News from the Real World


Pan from ATL Bot Garden

I understand that the US builds flood control barriers for what is at the time of construction (and that this assessment is not regularly adjusted is part of the problem) thought to be a “100-year” flood. Of course, that’s theoretical, but it is a label that provides perspective. I also understand that in Holland they build for 1000-year flood events.

HUGE difference.

Meanwhile, at one earthen levee along the Mississippi River:

Officials spent nearly six hours choking off the leak caused by a muskrat burrowing in the soft ground early Monday.*

Six hours, mind you. Now, I’m not the most knowledgeable at natural history, but a muskrat? This is not an unexpected species (Wikipedia has its range as across the continental US), and its habits are well-known. Will we soon be hearing that we taxpayers must ante up X-gajillion dollars because of ONE MUSKRAT?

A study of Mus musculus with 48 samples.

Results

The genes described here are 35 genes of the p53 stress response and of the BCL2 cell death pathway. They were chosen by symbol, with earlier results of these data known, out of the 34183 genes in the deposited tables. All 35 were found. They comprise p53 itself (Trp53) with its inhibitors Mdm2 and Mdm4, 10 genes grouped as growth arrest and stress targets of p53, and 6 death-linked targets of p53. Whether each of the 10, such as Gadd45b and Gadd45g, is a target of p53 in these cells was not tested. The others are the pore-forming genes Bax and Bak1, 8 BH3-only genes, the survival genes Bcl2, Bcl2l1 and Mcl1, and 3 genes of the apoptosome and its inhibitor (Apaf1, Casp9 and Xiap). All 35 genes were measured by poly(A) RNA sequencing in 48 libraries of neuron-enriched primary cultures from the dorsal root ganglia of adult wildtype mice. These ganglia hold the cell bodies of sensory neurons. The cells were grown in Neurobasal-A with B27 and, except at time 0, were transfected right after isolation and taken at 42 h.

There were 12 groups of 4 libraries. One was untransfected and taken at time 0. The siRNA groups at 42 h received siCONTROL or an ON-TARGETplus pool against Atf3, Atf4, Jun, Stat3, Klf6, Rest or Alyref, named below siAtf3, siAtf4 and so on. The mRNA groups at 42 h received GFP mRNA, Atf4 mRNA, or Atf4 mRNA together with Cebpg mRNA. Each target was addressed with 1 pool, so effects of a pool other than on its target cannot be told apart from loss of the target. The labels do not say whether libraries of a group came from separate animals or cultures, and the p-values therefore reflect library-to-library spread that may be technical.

This from an AP story in the NYTimes this afternoon, dateline Winfield, Missouri.


  1. marc says:

    The 1,000-year event calculated for here was forced upon the bureaucrats because of the huge 1953 flooding which killed nearly two thousand people. But a report by one engineer had warned earlier for a slightly larger event that could possibly have led to tens or hundreds of thousands killed. The 1953 flooding basically scared them into taking that warning seriously.

  2. Sammy says:

    Ah, yes. Risk-assessment and risk-management differ greatly by individual, corporate group, and even nation-state!